There was a small group discourse at the Press Council office recently on ‘Siyavas Dekak Sisara’, Padma Edirisinghe’s autobiographical sketch, with Dr. Leel Gunasekara as the guest speaker. The book is a narrative of her life story from her childhood, passing through the pre-war period, and after, leading up to the turn of the century. Padma Edirisinghe’s easy style makes it impossible for the reader to put it down and the book reads like a novel. Yet it is a very rare, very candid biography, not often seen today. Often books like these either become autobiographical novels with more fiction than fact. Sometimes the authors omit many memorable incidents for fear of hurting or annoying others, unless, like Mark Twain, the autobiography is to be published one hundred years after the death of the author.
In ‘Siyavas Dekak Sisara’, Edirisnghe tells us about an essay she had to write in English, at her new school. She had titled it ‘Nangi’s Funeral’ intentionally in protest against the school policy in using Sinhala. She justified her use of the term Nangi, because there is no specific term in English for a younger sister, just as there are no terms for elder sister, or elder brother.
The morning after the discussion of Edirisinghe’s book, coincidentally, I received a mail from the Sri Lanka Association of Anthropology, forwarding an on-line link to a publication ‘Categories of Kinship Vary Between Languages’. The study had been done by Charles Kemp (Carnegie Mellon University) and Terry Regier (University of California at Berkeley), who attempt to show that kinship categories across languages reflect general principles of communication. Kemp says “a system with a different word for each family member is much more complicated but very useful…we can’t make them simpler, without making them less useful”
Our own Sinhala is somewhere in-between, though we do have specific terms based on relative age, for elder and younger brothers and sisters – aiya, malli, akka, nangi. We do not have specific terms for paternal and maternal grandparents, except the non-standard use of muttha, seeya, aththamma and aachchi. The Chinese have terms for paternal grandparents, zufu and zumu, maternal grandparents wai gong and wai po. In Bangali the terms are Thakur baba, Thakur Ma and Dadu, Didi Ma. Hindi and Urdu too have specific age related terms for siblings and for maternal/paternal grand parents.
The most descriptive system is found in Sudan, with a different kin term to each distinct relative. Hawaiian is the least descriptive system. Richard A. Lobban Jr. of Rhode Island College had made of a study of the kinship in Sudan, where he found “..Some former kinship relations collapse amidst class transformations, others are reinforced…..traditional forms of kinship may come to have a new class content”. Sudan is the home of the Nubian, Arab and Nilotic peoples.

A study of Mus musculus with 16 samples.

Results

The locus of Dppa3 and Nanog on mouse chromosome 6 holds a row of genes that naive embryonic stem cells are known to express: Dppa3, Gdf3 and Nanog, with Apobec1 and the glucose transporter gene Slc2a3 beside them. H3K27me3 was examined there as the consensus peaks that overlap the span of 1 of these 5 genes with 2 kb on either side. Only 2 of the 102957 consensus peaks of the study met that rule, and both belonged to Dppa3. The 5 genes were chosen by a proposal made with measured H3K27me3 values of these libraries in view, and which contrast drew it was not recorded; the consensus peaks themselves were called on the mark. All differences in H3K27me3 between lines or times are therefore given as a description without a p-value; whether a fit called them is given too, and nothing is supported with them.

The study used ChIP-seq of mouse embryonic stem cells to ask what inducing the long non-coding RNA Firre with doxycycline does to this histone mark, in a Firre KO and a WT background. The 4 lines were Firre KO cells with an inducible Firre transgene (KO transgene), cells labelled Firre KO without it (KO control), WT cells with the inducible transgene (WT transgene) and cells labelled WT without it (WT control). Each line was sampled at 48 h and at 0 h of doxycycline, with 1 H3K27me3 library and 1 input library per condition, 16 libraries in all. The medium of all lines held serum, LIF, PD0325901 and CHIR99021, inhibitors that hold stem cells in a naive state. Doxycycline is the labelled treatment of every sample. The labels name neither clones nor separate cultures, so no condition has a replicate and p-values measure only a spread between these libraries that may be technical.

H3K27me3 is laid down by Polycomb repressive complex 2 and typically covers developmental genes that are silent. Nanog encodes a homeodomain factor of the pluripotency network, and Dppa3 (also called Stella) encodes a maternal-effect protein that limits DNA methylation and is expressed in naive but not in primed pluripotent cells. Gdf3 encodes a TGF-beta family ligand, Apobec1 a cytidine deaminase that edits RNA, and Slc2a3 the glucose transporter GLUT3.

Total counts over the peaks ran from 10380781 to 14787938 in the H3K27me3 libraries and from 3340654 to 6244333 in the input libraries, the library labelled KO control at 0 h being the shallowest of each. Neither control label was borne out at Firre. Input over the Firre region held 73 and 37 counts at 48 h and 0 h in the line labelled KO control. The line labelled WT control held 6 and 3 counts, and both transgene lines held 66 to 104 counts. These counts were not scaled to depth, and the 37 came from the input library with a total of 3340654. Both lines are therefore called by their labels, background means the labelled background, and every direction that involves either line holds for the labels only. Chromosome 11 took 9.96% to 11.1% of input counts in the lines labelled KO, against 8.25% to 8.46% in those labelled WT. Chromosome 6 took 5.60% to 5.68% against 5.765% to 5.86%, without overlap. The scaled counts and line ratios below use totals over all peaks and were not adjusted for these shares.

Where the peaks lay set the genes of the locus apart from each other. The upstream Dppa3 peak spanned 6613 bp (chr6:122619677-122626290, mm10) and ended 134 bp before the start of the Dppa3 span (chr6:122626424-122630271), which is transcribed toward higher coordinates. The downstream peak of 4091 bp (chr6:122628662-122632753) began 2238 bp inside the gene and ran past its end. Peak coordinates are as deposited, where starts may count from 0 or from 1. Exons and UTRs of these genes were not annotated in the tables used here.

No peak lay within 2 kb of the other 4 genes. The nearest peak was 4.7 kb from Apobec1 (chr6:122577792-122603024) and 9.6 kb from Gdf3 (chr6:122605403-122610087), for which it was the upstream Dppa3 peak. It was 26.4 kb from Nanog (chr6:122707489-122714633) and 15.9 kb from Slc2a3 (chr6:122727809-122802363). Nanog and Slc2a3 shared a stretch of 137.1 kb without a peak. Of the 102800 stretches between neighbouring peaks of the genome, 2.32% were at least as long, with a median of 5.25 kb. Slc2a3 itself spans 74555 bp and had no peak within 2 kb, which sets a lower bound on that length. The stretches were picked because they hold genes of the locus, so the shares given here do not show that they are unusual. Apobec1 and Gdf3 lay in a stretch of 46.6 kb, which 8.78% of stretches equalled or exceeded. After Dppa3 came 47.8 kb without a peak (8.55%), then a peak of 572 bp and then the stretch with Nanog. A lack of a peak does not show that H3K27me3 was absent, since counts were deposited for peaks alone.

Even in our country, urbanization has resulted in a mockery of the kinship terms, with the indiscriminate use of the terms for brother and sister and aunt and uncle, creeping into our Sinhala literature too. To such an extent where the male calls his wife as ‘amma’, probably from a corruption of the village term ‘lamayinge amma’ (children’s mother). Such usage has been called ‘improper kin terms’ as against ‘proper kin terms’. It also shows the widening generation gap, specially between parents and their children. This opens up a business opportunity for the entrepreneur to make a good profit by creating Mother’s Day and Father’s Day markets.
In Sinhala there used to be so many terms for the second person pronoun, which too had degenerated to an impersonal term ‘Obatuma’ to address everyone as a more refined term of ‘oya, aise, tamuse and machan’ and address in anger as ‘tho and umba’. In Sinhala we do not have pronouns either for the parents or for the spouse. Parents are addressed ‘amma, thaththa, appachchi’, causing confusion for newly married young people when addressing the in-laws. We do not call them ‘oya or umba’. For the spouse a village term used to be ‘me ahunada’, but in the urban jungle address is by the first name or a pet name. In the villages, outside the immediate family no one knew the given names of the children. They were all given a second name to be used by the family and relatives, or were addressed as ‘loku putha, podi putha, loku duwa’ new additions to the family would be ‘sudu putha, rathu putha’ and so on. As they grow older, they become Sudu mahattaya or Rathu mahattaya.
The term ‘cousin’ has different meanings to the Sinhala term ‘bena’. In English the term refers to kinship between second and third generations, but always it is a blood relation, unlike in Sinhala where bena could be a relation by law. When it comes to cousins, the cross-cousin marriage retains the kinship terms used between the parents and the couple which were used prior to marriage, father/mother in-law and uncle is still ‘mama/nanda’, nephew/niece remain ‘bena/leli’. Even in our country, urbanization has resulted in a mockery of the kinship terms, with the indiscriminate use of the terms for brother and sister and aunt and uncle, by bus conductors and sales persons, and now creeping into our Sinhala literature via the tele-dramas on the ‘idiot box’.
Let us think again about the study by Charles Kemp. Even if it is more complicated, more specific kinship terms could make mankind get to be closer to each other and make this world a more pleasant and happier place to leave for our children.